Bananarama and The Fun Boy Three were definitely onto something back in 1982, when they joined forces to record their version of Sy Oliver and Trummy Young’s 1930s classic ditty. What they probably didn’t realise was that almost 40 years later, the song’s central message would be used as a lighthearted device to illustrate effective ways of managing change in the IT industry.
Build it and they will come?
You see, the IT industry has always had a bit of a problem with change management. “Build it and they will come!” has been the prevailing attitude of IT departments through the years.
It’s been fuelled by a misguided belief that users will simply use the solution put in front of them. And all the evidence points to the fact that, unless they simply have to use it, they won’t. Instead, they’ll seek out an alternative route as the ‘path of least resistance’ – and you’ll have a failed implementation on your hands, thanks to poorly-managed user adoption.
Erm, no they won’t
The ‘build it and they will come’ adage betrays a fundamental arrogance which has been prevalent in the industry for decades. It fails to recognise that IT exists to provide a service to the business; that the business contains users of technology, and that users are very adept at knowing what they need, and what they don’t need. IT departments simply haven’t been providing the tools and technologies their user bases demand; if you need any further evidence, witness the rapid growth of ‘shadow IT’.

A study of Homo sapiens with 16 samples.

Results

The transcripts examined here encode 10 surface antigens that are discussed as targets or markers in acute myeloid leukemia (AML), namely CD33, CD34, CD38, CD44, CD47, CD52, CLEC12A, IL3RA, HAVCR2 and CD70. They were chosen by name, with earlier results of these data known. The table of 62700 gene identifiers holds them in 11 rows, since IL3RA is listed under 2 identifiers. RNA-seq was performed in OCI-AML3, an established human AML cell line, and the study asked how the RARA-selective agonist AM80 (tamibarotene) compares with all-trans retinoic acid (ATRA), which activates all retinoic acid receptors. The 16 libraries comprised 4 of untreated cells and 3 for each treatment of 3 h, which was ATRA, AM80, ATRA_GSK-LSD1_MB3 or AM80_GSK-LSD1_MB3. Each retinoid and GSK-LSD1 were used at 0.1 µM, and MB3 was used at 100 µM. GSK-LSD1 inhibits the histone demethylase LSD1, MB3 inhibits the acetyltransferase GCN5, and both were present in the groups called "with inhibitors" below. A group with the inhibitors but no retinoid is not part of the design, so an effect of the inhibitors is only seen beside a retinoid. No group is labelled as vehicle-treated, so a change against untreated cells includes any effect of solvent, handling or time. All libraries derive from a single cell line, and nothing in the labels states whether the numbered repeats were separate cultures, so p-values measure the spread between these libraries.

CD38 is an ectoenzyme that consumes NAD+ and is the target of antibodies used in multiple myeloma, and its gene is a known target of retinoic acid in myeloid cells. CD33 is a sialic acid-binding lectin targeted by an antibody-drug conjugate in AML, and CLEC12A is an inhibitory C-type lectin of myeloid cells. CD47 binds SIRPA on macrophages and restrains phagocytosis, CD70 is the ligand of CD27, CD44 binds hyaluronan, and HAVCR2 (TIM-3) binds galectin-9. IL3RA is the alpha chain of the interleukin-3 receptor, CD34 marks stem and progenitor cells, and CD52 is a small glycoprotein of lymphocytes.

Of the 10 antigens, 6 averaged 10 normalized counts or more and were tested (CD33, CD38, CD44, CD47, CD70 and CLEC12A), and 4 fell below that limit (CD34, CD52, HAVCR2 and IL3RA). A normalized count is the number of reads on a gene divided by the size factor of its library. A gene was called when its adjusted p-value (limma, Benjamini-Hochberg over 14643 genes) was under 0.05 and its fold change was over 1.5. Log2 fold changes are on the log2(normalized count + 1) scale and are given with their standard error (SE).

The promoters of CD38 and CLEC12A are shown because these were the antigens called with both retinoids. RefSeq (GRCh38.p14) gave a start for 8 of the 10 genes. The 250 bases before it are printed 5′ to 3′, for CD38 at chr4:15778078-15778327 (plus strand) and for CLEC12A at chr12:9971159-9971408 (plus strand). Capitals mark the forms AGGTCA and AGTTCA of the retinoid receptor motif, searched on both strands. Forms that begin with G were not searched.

What is Microsoft Ignite?
Some of the CompanyNet team will be attending the Microsoft Ignite Conference at the end of September in Orlando, Florida. The event will showcase Microsoft’s products and services and provide an insight into “tomorrow’s tech”.
Just over 20 years ago, the World Wide Web as we know it was just emerging. The dotcom bubble had yet to burst; Yahoo and eBay were barely a year old, and Google was just a twinkle in the eye of Page and Brin.
It was into this climate that CompanyNet was born. When we were founded in 1996, there were immediately lots of exciting new business opportunities to service – particularly building websites and portals, often based on Microsoft technologies.
Bespoke software development was the name of the game, and we enjoyed the challenges and satisfaction of coding custom systems.
Ten years later, inspired by a Microsoft Partner Conference, the business articulated a bold new strategic direction – platform-based development. Custom code was becoming relatively expensive to build and maintain, and new options were becoming available to customers, challenging the established business model. Platform-based development would become the basis of our future success.
Here you’ll find insight on CompanyNet’s work, what’s happening in enterprise software, and the future of the workplace. It’s written by a variety of CompanyNet staff. If you’d like to talk to us about anything you see here, just drop us a line.